In the last two days, the Jordanian-Syrian border has experienced heightened tensions due to escalating clashes between the Jordanian army and armed groups involved in drug trafficking, as reported by the Jordanian military.
The Jordanian army, citing an official military source from the General Command of the Armed Forces, stated that armed confrontations between the Jordanian border guard forces and significant armed smuggler groups began on Saturday in the northern border area with Syria. The clashes resulted in five fatalities, 15 arrests, and one injury, according to the Jordanian agency Petra.
On January 5th, the Jordanian army conducted airstrikes in the Suweida governorate, targeting drug manufacturing facilities, as reported by Reuters citing its sources.
These military actions followed the announcement by the Jordanian army of plans to reinforce border security with the implementation of an electronic fence and an upgraded surveillance system. General Youssef Hunaitan, Chairman of the Jordanian Joint Chiefs of Staff, emphasized the need to enhance surveillance to counter infiltration and smuggling, especially during adverse weather conditions such as dense fog and sandstorms.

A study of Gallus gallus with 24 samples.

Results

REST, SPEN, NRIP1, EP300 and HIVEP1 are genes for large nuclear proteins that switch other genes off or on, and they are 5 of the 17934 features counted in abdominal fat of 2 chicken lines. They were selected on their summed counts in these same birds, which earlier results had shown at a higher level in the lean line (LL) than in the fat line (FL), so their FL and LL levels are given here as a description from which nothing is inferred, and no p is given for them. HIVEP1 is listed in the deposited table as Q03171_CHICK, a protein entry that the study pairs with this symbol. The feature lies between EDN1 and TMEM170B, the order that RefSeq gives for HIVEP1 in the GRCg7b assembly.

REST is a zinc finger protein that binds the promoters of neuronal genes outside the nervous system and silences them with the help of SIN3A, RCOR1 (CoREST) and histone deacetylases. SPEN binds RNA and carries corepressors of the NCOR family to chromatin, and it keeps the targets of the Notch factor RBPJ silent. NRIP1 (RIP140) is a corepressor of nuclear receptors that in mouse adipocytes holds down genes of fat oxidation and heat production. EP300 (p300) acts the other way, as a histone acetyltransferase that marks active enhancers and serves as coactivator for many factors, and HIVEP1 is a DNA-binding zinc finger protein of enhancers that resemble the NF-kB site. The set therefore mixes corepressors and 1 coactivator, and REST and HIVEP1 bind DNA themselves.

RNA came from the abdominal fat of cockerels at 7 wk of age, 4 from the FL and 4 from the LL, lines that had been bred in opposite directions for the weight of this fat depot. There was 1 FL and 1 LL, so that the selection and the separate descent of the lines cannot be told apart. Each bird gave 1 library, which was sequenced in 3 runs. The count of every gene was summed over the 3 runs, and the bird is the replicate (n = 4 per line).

Muhannad Mubaydeen, Minister of Government Communication and spokesperson for the Jordanian government underscored that drug-smuggling groups pose a serious threat to Jordan’s security. He called for the development of a regional strategy to combat drug-related challenges, emphasizing the prolonged nature of the conflict with these groups.
Syrian political analyst Kamal al-Jafa explained the challenges faced by the Syrian government in maintaining control over its territory, citing the influence of multiple factions and the prolonged war. Jafa highlighted the existence of areas where state control has weakened, allowing various military forces to retain power and control over significant border areas.
The recent Jordanian military operations along the Syrian border align with the outcomes of the Amman meeting held in May, involving the foreign ministers of Syria, Jordan, Egypt, Saudi Arabia, and Iraq. The meeting emphasized three key priorities: protecting the common border, combating drug trafficking, and facilitating the return of Syrian refugees in exchange for supporting infrastructure development and contributing to the reconstruction process in Syria.
This article was translated and edited by The Syrian Observer. The Syrian Observer has not verified the content of this story. Responsibility for the information and views set out in this article lies entirely with the author.